You are viewing the print version of this article. Click here to view the full version.
Columbia Missourian

ROSE NOLEN: Christmas changes people for the better

By Rose Nolen
December 4, 2012 | 6:00 a.m. CST

It’s Christmas time. Thanksgiving has come and gone, and we’re down to counting the days until Christmas. We’ve made our lists and turned them in to Santa Claus, and now we wait for him to answer.

When I was a little girl, I always pinned my list with a clothespin to the clothes line. When I woke up the next morning, I would look out to make sure my list had been picked up. When I saw that the note was gone, I would comfort myself in the knowledge that Santa had picked it up and taken it to the North Pole where he had started working on my gifts. I never worried that my list might have blown away. My imagination never let me down. Reality became whatever I perceived it to be. I was certain my list was taken care of.

Since I have been in charge of my own list, things have not always worked out as planned. Some Christmas Days have been bright and some not so bright. Still, there’s something about the holiday that makes it wonderful.

One of the most wonderful things about Christmas is the way it fills the heart with joy and thanksgiving. People don’t just wish their own Christmases to be filled with joy; they wish joy for everyone. The spirit of Christmas travels far and wide and wraps people in a coat of warmth and caring.

People remember their neighbors; they remember those who live alone; they remember children who might be forgotten. People want to be the best they can be for Christmas. What didn’t matter yesterday somehow matters at Christmas.

I was born into a large family, and that seemed to make Christmas special. There was always a lot going on at Christmas. There were people coming and going for days. We had a lot of relatives who visited and brought gifts. There were parties and plays to attend. Festivities began with the Christmas parade and didn’t end until New Year’s Day.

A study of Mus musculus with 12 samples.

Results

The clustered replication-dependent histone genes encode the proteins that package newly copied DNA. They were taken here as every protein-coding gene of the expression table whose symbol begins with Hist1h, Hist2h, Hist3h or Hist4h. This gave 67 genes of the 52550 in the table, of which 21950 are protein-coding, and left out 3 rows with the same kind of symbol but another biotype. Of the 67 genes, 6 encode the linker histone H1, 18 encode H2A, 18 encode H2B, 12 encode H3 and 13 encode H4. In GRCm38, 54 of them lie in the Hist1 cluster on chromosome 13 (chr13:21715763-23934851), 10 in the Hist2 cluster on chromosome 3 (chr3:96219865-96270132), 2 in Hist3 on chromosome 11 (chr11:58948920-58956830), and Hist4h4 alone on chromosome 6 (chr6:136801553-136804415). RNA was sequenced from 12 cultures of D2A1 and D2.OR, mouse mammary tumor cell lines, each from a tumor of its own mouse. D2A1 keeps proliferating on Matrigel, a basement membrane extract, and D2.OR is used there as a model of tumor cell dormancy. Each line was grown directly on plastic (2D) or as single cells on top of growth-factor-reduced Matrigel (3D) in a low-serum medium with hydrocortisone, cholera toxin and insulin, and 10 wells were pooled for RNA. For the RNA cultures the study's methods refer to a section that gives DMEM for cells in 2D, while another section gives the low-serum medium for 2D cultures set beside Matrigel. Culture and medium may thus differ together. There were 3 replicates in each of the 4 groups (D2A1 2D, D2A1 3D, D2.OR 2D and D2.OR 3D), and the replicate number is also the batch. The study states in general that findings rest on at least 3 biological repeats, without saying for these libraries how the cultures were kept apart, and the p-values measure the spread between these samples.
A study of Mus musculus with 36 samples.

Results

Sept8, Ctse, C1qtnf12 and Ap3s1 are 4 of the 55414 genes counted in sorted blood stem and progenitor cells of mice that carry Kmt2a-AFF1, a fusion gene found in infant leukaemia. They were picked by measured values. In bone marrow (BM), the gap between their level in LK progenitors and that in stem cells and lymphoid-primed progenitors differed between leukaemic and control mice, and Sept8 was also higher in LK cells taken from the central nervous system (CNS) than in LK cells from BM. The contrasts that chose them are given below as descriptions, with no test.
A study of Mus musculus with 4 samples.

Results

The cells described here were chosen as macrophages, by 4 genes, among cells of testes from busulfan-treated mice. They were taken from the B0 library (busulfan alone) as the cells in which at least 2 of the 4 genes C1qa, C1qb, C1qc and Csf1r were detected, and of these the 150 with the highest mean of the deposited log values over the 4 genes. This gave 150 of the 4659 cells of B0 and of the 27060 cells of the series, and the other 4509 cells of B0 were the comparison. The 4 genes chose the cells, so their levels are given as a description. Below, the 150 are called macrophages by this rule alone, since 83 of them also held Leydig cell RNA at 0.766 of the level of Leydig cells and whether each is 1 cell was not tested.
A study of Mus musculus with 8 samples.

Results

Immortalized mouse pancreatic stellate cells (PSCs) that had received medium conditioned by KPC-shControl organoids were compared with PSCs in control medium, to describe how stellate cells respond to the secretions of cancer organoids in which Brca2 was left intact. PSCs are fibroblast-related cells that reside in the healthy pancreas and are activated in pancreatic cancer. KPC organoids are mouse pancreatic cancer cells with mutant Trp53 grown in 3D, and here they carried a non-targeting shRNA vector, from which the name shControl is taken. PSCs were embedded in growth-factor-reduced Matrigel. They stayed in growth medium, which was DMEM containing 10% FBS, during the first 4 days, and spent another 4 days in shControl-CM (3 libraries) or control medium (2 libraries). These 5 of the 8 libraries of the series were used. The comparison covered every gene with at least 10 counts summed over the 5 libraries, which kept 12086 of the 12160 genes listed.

I’ll never forget dessert day. That was the day we made candy and cookies. My specialty was divinity, and my sister’s was peanut clusters. We were only allowed to eat one piece when we finished, and we tried to make it last all day.

One Christmas, my brother and I decided to stay up on Christmas Eve until midnight so that we could be first to open our presents. That turned out to be no fun at all because everyone was asleep, and no one saw our presents. We never tried that again.

I still feel the same about Christmas, the same as I did when I was a child. There seems to be a touch of magic around it. It never seems like any other day. Whether it’s morning or evening, I always know it’s Christmas.

The only thing is, I’m glad I don’t have to go to my grandmother’s house anymore. We always went the night before Christmas. And she was never glad to see us. She acted as though she couldn’t wait until we went home. We left her gifts, and she always gave us ice cream, and we had to wash our dishes before we went home. Walking home was never fun; it was always cold. 

Still, wherever my grandmother is, I hope she has a good Christmas. See, that’s Christmas for you.

You can join the conversation with Rose M. Nolen by calling her at 882-5734 or emailing her at Questions? Contact Opinion Editor Elizabeth Conner.